Horace Moore stabbed and killed Edwin Thomas, 46, in 2008 after the bus driver refused to give Moore a $2 transfer.

Moore confessed to killing the 16-year veteran driver, however his lawyer argued he did not mean for the wounds to be fatal.

Thomas' family says the verdict comes as a relief.

"Me and my brother can never see our dad, have him smile, or anything anymore you understand? And he's still living. So I feel like justice was served," said the victim's daughter, Edley Thomas.

The defense tried to argue Moore intended to hurt the driver, not kill him. However, the prosecution successfully argued he had more than just injuries in mind.

"The acts of the defendant not only during and afterwards, indicate a clear intention to kill. That included the amount of injuries, type of weapon used, and the areas of the body that had been stabbed, which were the heart area and the abdomen," said Assistant District Attorney Julie Rendelman.

Many of Thomas' co-workers crowded the court room in a sign of support.

As a result of the stabbing, the Transport Workers Union and the MTA have been looking into ways to protect drivers, including driver partitions.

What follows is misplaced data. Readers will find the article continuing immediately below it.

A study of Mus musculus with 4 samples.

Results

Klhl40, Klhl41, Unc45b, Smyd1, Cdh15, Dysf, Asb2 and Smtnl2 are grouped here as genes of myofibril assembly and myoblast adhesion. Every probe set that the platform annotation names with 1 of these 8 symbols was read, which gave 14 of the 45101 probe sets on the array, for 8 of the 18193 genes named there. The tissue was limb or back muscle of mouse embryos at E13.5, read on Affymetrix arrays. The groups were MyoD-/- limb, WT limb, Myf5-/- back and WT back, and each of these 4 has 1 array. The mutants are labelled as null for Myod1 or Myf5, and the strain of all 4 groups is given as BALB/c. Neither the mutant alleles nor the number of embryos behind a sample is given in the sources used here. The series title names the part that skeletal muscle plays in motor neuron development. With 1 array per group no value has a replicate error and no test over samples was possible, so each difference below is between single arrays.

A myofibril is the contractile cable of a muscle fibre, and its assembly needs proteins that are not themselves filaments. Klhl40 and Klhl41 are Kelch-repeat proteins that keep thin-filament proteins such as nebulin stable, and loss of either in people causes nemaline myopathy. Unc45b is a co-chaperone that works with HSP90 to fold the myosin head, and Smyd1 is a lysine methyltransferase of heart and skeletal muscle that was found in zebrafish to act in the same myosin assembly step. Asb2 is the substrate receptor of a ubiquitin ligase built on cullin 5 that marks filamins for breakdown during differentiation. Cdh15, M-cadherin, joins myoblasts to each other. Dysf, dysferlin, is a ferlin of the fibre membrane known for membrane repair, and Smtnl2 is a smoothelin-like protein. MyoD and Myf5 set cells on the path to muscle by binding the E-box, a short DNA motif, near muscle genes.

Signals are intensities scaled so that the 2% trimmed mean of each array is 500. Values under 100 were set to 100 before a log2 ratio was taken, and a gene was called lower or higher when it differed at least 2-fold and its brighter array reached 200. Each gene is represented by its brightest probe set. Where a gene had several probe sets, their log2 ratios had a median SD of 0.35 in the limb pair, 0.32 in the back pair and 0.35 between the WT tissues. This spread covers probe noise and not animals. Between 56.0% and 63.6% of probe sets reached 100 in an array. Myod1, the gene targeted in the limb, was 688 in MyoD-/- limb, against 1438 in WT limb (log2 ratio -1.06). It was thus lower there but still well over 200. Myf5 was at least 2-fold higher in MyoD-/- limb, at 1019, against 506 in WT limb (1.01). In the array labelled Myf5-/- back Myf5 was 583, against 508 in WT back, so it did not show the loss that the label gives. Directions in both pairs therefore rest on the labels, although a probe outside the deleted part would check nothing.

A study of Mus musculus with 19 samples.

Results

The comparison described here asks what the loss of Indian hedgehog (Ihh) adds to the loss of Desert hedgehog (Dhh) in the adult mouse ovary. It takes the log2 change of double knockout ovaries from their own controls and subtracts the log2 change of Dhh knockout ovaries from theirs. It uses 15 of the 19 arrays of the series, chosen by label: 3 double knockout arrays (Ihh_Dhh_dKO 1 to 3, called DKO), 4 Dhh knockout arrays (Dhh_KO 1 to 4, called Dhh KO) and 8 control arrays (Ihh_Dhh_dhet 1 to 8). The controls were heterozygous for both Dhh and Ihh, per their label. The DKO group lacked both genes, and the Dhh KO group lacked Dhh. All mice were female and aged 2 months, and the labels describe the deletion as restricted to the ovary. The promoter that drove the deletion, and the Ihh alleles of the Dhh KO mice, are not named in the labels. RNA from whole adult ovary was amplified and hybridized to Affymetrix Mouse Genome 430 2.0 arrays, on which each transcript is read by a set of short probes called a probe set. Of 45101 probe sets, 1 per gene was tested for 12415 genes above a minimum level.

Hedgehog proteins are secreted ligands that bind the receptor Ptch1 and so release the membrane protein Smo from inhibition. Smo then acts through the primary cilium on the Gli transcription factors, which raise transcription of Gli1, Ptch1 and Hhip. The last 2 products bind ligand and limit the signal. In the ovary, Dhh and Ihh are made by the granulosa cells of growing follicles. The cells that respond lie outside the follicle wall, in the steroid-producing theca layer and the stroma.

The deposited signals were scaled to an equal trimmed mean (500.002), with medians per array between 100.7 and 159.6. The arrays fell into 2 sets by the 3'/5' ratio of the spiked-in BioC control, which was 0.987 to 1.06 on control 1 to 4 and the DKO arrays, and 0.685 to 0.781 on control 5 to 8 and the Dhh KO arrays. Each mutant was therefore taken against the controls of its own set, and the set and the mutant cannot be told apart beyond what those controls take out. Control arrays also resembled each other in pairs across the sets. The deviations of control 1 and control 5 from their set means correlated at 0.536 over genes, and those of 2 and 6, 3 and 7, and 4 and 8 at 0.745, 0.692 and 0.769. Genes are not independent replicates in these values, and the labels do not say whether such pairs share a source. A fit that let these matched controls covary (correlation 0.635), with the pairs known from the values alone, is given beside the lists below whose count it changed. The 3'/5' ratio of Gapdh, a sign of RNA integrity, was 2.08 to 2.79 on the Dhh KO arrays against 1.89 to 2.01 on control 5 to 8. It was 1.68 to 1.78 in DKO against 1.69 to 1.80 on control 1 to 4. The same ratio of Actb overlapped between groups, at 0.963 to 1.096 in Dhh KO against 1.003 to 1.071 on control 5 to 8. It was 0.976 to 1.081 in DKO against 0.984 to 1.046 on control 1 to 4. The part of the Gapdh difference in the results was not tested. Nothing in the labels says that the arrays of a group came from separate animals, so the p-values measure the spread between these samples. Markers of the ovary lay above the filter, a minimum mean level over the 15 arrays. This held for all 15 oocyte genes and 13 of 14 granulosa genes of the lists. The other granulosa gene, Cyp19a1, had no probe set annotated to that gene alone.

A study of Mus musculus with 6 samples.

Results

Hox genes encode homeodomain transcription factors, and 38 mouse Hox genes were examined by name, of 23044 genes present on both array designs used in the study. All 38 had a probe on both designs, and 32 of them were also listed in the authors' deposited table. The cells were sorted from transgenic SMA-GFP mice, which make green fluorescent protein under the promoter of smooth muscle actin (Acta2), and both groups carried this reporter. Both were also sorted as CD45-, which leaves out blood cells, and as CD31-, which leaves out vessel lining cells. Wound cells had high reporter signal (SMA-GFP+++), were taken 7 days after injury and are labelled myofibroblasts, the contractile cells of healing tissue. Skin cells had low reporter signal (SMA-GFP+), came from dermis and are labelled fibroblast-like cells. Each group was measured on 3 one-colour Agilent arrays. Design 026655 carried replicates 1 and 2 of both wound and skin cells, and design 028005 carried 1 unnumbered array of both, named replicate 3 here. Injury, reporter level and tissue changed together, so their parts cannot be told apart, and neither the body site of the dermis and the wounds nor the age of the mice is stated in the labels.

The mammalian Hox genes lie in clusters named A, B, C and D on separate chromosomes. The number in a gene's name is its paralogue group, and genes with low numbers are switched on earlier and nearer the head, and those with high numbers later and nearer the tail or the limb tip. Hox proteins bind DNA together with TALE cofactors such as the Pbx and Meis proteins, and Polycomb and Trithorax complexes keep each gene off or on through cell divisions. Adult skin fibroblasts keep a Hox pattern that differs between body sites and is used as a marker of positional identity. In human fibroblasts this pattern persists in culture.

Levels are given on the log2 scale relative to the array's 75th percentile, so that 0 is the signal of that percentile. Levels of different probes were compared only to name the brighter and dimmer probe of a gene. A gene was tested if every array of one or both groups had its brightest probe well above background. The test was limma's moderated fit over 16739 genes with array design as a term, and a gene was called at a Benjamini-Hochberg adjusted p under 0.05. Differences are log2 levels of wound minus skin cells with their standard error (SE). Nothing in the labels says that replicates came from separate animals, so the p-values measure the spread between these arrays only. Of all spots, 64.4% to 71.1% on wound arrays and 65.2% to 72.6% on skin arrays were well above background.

"The partition right now it's fixed in place. Either the door is open, or the door is closed. The door has to be closed when you're operating the bus. There are other cities such as Lisbon in Portugal that have retractable screens," said TWU Local 100 President John Samuelsen.

An MTA spokesman says between January and June of both 2009 and 2010, there were 150 incidents against transit workers, from verbal attacks to spitting to outright assault. During the same period in 2008, the year Thomas was murdered, there were 120 incidents.

The union said the judge sent a clear message with his verdict Thursday.

"He recognizes New York City transit bus operators perform a vital duty and when they're attacked in a vicious manner the way our brother was attacked, there are consequences," Samuelsen said.

Moore will be sentenced October 19.

He faces 25 years to life in prison.